Panelkapcsolat (1982) (aka The Prefab People)
“What about those who are away for years? They never see their kids. The kids grow up with no dad. They grow up and the dad gets them ready-made “
After watching films like Scenes from a Marriage (1973) and Hyderabad Blues 2 (1998), I had come to a kind of conclusion that films about marital life are and even have to be necessarily lengthy in order to depict relationships falling apart bolt by bolt. But Béla Tarr’s masterful venture The Prefab People brutally shatters that perception. The film is so masterfully crafted that I was afraid that Tarr would have to have a pathetic showdown in order to wrap up the film within 80 minutes. But gladly, one couldn’t have asked more after watching what Tarr delivers. He lets the film gradually evolve instead of providing it narrative momentum (but never without a direction). Watching The Prefab People, one can see why Mendes’ Revolutionary Road doesn’t exactly succeed.
The Prefab People is Tarr’s fourth feature and one can clearly see Tarr maturing as a filmmaker. He intelligently avoids all the mistakes of his previous outings (which were pretty good themselves) and makes it seem like a grand culmination of a chain of dress rehearsals. He substitutes the extreme verbosity of Family Nest (1979) with self-sufficient images. He sheds the self-indulgent meditation of The Outsider (1981) and makes a film that is universal in its appeal and as personal in its content. He avoids the complex mise-en-scene he employed in his mediocre single-shot adaptation of Macbeth (1982) and in exchange develops a keen sense of shot composition and cutting. One can virtually see where Sátántangó (1994) gets its pitch-perfect atmosphere from. But in spite of the trademark style of the director, The Prefab People is very much a cinema vérité film. It wouldn’t be a coincidence if one was continuously reminded of Cassavetes while watching this one. The resemblance is most glaring in the scene at the party, which has to be experienced to be believed.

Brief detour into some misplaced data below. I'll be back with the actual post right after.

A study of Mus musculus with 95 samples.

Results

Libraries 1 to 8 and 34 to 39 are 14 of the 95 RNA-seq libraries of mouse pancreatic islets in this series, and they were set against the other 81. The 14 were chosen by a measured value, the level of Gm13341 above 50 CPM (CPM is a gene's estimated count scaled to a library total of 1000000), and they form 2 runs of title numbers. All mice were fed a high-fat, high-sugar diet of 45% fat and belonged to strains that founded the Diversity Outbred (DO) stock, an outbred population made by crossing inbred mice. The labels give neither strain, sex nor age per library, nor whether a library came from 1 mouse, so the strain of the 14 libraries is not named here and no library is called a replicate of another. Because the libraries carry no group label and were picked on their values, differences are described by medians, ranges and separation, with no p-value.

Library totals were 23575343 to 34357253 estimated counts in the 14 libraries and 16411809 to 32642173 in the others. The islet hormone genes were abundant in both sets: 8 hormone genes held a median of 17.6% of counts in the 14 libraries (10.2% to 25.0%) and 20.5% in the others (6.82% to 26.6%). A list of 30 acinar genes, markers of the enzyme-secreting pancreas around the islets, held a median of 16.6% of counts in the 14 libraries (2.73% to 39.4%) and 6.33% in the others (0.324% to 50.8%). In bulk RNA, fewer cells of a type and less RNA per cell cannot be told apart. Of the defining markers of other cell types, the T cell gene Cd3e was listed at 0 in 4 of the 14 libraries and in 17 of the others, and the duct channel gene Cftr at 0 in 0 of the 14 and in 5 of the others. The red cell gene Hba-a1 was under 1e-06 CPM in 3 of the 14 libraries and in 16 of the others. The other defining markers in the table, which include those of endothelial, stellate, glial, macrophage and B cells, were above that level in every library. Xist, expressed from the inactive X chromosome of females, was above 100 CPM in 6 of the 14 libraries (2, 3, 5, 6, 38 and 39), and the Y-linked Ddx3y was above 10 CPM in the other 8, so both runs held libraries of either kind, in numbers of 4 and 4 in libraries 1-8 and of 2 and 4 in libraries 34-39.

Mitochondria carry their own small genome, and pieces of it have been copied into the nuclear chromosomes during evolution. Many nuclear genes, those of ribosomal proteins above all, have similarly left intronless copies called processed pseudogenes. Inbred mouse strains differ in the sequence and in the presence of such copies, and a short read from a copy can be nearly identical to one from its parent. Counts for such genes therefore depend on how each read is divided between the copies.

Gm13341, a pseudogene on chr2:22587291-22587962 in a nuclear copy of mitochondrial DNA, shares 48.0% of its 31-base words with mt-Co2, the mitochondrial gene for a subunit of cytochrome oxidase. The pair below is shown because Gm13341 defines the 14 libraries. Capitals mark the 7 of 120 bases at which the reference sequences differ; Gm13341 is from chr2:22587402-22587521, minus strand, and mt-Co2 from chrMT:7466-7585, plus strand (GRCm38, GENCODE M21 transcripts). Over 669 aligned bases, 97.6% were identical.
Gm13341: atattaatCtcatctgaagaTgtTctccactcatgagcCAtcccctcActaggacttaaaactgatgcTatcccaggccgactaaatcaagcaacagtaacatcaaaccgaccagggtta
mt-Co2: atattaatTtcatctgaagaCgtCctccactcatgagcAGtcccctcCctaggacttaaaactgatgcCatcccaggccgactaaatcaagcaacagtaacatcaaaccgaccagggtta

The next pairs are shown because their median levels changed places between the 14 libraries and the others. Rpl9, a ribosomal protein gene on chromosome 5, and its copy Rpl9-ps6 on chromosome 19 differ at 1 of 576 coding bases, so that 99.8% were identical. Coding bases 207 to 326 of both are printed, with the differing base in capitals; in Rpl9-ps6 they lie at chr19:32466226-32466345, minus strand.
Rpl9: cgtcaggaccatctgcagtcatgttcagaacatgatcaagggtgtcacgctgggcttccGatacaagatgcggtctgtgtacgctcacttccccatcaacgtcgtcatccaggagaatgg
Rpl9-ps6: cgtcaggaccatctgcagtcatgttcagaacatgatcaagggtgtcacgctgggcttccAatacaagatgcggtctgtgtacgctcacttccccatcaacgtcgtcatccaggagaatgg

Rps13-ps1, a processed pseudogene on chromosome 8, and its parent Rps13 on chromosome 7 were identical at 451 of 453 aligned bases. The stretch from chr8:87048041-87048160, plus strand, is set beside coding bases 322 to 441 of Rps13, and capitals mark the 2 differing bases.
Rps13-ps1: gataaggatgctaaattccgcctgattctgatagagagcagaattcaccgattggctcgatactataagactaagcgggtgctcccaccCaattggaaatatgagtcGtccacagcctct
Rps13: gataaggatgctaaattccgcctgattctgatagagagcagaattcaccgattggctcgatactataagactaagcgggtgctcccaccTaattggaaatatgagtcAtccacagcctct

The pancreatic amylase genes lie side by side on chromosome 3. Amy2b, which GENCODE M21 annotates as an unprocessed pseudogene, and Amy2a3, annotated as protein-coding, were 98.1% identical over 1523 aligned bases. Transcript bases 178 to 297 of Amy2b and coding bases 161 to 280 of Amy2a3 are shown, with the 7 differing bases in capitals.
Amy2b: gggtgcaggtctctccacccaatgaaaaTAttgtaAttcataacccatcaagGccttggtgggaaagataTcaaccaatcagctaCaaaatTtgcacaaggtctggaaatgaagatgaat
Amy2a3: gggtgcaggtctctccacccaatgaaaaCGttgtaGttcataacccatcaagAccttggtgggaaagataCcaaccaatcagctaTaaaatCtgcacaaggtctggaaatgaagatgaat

These are beautiful characters and so are the actors. To use a worn out cliché, Tarr does not take sides. Both the husband and the wife have their own visions of what happiness is. Just that one is evidently naïve and the other is actually romanticized. But the masterstroke of the film is the Kubrickian theme of man and machine that Tarr blends in this outwardly boring suburban life. And just like the American genius’ style, Tarr controls his décor, landscapes and film equipment to provide a literature-free rendering of one of cinema’s most favorite themes.